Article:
Against Economic Abstraction

Firstly, let me apologize to everyone who is waiting for Chapter 5 of the history of Casper for producing this first. This turns out to be quite urgent because Greg Meredith is currently considering committing to economic abstraction in RChain. Chapter 5 is coming, I wasn’t able to produce it yet because I was travelling and then came down with a small cold. I’m almost feeling well enough to write it :)

What is “economic abstraction”?

I am going to cover the case against economic abstraction for:

  • security deposits (and other tokens that are “stakes” in PoS protocols)
  • transaction fees
  • incentives provided through token issuance

Against economic abstraction of security deposits

For clients of the consensus

To calculate economic security in the context of abstraction of security deposits (or staked coins), clients must at least be aware of the effective exchange rate between the different bonded/staked coins. This means that the clients must correctly answer these questions, for each coin:

  • Which exchanges/brokers have significant volume?
  • What is the market depth at these exchanges/brokers?

I will call this process price discovery (though this isn’t usually how the term is generally used, in economics literature). If these coins do not trade against the same assets, then the clients must also know about the exchanges/brokers and corresponding market depths for the “intermediate” assets required to trade between them. Due to economic abstraction of security deposits, clients must engage in extra-protocol price discovery every time they interact with the protocol to safely make an economic security calculation. No matter what their choice of base unit of account.

Moreover, the attack surface on the safety calculation is higher due to this economic abstraction because economic security calculations are sensitive to the market depths available from any exchange/broker that trades any of the bonded/staked tokens. Finally, this reduces the security of the safety calculation (and therefore of the protocol) because it is easier (or not harder, strictly speaking) to push down the price of any 1 of N of the tokens, than to push down the price of any given fixed token (which could have been the one native token, without economic abstraction).

For clients wanting to place a deposit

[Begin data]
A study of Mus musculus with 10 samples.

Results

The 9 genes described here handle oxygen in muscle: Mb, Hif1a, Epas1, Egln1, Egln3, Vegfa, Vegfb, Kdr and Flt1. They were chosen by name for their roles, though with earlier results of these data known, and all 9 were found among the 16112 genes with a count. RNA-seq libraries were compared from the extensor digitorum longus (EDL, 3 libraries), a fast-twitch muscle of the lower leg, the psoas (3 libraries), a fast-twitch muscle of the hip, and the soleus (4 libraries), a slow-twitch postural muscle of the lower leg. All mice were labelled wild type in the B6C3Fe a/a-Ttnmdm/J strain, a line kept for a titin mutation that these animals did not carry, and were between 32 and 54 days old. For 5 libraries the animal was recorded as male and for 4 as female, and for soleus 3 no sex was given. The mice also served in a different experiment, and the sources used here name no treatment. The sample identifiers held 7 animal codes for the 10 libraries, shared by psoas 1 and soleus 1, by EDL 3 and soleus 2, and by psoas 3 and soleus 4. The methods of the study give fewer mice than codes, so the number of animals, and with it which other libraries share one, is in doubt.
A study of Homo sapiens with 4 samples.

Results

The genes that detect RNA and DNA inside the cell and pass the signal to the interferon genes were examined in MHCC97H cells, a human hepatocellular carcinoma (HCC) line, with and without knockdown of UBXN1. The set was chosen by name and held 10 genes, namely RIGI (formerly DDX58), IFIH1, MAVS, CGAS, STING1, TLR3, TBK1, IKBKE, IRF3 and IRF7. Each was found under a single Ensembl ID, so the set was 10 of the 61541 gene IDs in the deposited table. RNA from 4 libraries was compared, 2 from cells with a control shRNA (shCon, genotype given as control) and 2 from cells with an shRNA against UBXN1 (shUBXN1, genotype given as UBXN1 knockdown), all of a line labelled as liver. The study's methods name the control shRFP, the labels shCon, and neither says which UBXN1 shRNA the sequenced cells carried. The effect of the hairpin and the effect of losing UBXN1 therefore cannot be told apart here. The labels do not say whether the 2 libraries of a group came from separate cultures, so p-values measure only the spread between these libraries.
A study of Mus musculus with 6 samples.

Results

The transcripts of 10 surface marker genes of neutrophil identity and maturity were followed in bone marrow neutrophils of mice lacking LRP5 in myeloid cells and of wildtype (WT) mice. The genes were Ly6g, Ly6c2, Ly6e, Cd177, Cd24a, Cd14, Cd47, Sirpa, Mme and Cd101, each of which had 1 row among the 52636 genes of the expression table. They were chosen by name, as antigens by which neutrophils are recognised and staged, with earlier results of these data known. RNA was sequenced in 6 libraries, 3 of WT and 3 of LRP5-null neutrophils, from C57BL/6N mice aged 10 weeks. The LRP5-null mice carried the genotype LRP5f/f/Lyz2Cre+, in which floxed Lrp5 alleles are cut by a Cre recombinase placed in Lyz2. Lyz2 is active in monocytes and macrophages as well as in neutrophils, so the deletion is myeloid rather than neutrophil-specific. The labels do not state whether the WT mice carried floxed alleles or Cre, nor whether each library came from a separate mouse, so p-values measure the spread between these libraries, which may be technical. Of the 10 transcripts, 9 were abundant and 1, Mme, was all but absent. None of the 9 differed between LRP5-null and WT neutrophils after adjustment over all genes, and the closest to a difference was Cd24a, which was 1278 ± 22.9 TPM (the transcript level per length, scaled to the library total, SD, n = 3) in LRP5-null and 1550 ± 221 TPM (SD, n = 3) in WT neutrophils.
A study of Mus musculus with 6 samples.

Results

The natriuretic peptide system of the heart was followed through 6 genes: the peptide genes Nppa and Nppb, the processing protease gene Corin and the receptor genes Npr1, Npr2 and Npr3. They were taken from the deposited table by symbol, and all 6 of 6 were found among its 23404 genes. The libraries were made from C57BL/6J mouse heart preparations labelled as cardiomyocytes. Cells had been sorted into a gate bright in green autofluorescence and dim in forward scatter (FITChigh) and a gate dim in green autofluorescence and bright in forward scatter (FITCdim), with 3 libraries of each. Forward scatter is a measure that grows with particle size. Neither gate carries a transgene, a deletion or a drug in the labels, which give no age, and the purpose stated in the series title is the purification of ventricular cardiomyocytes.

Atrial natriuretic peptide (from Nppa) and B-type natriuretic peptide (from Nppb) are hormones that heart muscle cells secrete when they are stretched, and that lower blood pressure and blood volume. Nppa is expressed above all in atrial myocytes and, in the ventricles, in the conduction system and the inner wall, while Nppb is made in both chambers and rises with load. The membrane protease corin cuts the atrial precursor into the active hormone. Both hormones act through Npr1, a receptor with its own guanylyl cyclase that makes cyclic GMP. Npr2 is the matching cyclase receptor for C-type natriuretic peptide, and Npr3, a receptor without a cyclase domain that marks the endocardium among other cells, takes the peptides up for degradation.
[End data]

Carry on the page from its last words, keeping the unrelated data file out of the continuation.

Note that the case against economic abstraction for security deposits is better in the context of a mandatory minimum bond size policy, since the protocol itself will need to do price discovery to compare the relative prices of tokens to determine minimum bond sizes in each token in a fair manner.

Against economic abstraction of transaction fees

For validators wanting to accept transactions

For clients wanting to make transactions

Note that the case against economic abstraction for transaction fees gets better in the context of a mandatory fee policy, since then the protocol itself will need to do price discovery to compare the relative prices of tokens in order to set the required fee for each token in a fair manner.

Against economic abstraction of token issuance

Insofar as clients must reason about economic security as a function of issuance, they must (at least) do extra-protocol price discovery in order to understand the price of the protocol’s issuance. This complicates client calculations of economic security.

Important notes

The attack surface on all of the calculations described above include attacks on the order books of any exchange/broker with non-negligible volume.

Price discovery is extra-protocol reasoning, and in practice (at least in the short term) will involve queries to the Poloniex API. This changes the nature of the trust model of the safe authentication of the economic security of the blockchain protocol.

Conclusion

By increasing the attack surface and changing the trust model of economic security calculations, it reduces security for everyone.

IMHO, economic abstraction is an exceptionally bad idea.